Schooling The Art World


Riley Mata, Reporter

The eyes are the windows to the soul, for most. For Fr. Aubrey Hirst and Sr. Julia Ion, the beauty of the soul is seen through photography. Recently, Aubrey and Julia won Scholastic Art & Writing Awards for their photos that Digital Photography teacher Ms. Mondino submitted to Scholastic Art & Writing.

“It’s the most pristine art award in the whole nation. Since they won Gold Keys, their [photographs are] now in Denver being judged for the national level, and will be on display up there for about a month, which is big, it’s pretty much the most prestigious? art award you can get,” said Mondino.

The photographs Hirst took wowed the judges; they gave her two Gold Key awards and one Honorable Mention. The titles of the photos that were submitted were “Who I Am” (Gold Key), “Branded” (Gold Key) and “Once Upon A Time” (Honorable Mention).

“What inspired me to take ‘Branded’ was how society brands you in ways, we all have a fear of stepping outside of our comfort zones, even something as little as wearing something different than you normally do,” said Hirst.

Senior Julia Ion also won a Gold Key for her masterpiece photo titled “Fashionably Portland”, titled after a woman she took a photo of while on a trip in Portland, Oregon.  Julia’s interest sparked in photography when her dad gave her his old Nikon, but it wasn’t until two years ago when she really got into it. She mentioned what inspired her to take the photo was how confidently the woman was putting on more makeup, in a busy street while tons of people were passing by. art-photography2

“When I first took the photo, the meaning wasn’t really a part of the photo, I just thought it was cool, but now I think of it as she wasn’t afraid to look the way she looked, she didn’t care and she was definitely flaunting the look. I had a lot of respect for her,” said Ion.

Scholastic Art and Writing Awards is a nonprofit alliance whose mission is to acknowledge students who have artistic and literary talent.  This competition is for students from 7th-12th grade and has 29 categories into which students can submit work  with the chance for it to be published, displayed or selected for a scholarship. Digital Photography teacher Mrs. Mondino said she has been entering her students in this competition for about nine years, and every year has won something. Teachers are only allowed to submit twelve pieces of art for the entire competition.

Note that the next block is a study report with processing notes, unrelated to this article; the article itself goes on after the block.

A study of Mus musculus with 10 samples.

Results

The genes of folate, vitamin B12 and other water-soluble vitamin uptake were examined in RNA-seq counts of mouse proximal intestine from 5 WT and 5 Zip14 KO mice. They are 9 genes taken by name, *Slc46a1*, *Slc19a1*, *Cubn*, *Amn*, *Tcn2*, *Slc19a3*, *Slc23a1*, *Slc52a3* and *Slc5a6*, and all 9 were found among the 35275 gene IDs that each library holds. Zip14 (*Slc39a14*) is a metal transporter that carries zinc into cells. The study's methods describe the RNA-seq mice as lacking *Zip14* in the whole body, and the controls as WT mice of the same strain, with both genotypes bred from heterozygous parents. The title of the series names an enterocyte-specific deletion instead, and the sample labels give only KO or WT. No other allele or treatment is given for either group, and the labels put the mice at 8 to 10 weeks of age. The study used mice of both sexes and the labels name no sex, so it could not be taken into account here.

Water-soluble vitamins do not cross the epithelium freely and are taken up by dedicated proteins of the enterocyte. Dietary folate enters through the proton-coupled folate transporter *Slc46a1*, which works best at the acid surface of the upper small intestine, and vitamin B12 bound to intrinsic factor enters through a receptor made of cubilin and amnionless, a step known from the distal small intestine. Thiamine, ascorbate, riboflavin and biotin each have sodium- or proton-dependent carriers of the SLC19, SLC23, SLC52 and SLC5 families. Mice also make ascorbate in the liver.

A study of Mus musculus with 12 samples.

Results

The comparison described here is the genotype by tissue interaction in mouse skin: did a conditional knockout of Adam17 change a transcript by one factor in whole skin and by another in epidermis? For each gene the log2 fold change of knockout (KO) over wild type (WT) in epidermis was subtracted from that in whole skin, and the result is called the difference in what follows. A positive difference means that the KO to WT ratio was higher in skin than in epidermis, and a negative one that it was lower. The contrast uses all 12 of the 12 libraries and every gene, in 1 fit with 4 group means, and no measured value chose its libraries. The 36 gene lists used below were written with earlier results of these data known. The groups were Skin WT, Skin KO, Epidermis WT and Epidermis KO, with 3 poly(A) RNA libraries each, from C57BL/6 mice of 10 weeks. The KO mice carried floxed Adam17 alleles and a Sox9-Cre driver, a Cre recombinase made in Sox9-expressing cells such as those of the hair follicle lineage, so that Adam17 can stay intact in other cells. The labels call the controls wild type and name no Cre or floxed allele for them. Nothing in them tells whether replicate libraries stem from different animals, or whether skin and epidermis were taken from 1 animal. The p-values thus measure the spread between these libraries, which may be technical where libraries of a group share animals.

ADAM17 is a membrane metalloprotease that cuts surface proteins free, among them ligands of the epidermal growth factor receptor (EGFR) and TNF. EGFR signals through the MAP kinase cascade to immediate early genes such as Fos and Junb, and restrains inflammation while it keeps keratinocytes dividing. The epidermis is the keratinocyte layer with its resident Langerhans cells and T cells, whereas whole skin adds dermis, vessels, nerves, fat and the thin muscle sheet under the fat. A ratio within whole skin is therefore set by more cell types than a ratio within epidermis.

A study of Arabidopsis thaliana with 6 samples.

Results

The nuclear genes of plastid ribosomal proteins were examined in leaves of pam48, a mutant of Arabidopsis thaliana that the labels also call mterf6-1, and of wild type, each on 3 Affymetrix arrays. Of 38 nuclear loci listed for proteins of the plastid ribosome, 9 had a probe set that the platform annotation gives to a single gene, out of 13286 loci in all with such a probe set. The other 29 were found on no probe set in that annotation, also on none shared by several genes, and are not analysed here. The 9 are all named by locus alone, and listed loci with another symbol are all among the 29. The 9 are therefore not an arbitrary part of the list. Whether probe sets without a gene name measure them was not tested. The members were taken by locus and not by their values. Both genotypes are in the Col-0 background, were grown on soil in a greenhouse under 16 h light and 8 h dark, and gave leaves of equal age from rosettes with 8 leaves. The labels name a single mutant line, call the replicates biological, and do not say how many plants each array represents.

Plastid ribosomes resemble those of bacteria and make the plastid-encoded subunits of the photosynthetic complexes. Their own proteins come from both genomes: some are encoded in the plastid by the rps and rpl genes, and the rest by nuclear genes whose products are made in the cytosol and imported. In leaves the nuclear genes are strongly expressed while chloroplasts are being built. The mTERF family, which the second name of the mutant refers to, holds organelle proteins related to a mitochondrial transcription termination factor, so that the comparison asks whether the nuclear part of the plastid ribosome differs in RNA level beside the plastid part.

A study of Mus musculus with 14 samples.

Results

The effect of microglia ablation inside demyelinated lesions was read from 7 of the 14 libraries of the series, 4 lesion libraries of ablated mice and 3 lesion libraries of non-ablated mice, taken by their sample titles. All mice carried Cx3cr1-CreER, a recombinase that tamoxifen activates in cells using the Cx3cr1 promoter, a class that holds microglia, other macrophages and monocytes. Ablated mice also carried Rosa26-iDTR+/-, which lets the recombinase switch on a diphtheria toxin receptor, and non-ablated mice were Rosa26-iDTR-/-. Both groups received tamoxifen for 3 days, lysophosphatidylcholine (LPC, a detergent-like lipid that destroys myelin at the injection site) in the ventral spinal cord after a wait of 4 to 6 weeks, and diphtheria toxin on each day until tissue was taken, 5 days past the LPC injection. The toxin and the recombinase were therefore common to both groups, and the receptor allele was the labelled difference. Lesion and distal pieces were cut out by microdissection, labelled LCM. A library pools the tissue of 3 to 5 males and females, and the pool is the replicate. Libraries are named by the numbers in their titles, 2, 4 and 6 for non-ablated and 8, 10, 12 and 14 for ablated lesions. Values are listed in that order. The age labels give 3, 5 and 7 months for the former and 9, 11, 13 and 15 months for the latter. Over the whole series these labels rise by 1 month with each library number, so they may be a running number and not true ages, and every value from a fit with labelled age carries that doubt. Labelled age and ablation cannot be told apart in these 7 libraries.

“You can win Gold Key, Silver Key, Bronze Key, and an Honorable Mention, so Gold Key is like the top of the top, and I’m pretty confident that the strong messages their photos display will definitely be something the judges are looking for behind the photos: a meaning,” said Mondino.

Aubrey said photography is definitely something she would like to keep in her life, and have as a hobby for the future. However she has other careers in mind to pursue in her future, most likely law. She also mentioned submitting one of her new photos to an art show at The Open Shutter, a gallery in downtown Durango.
“I have a very specific style, and to me, it’s more of a step outside of the box and it shows in my photos, that’s why I’m submitting an inspired photo but with my own twist on things,” said Aubrey.

As for Julia, she has applied and has been accepted to Cornish College of the Arts in Seattle, and wants to pursue some form of art there for her career.
“It doesn’t se
em natural for me to go to any other type of college or a university, it wouldn’t be an option I’d think about,” said Ion.

As for her senior year, J
ulia is taking four art classes: advanced photography, drawing, painting, and advanced ceramics.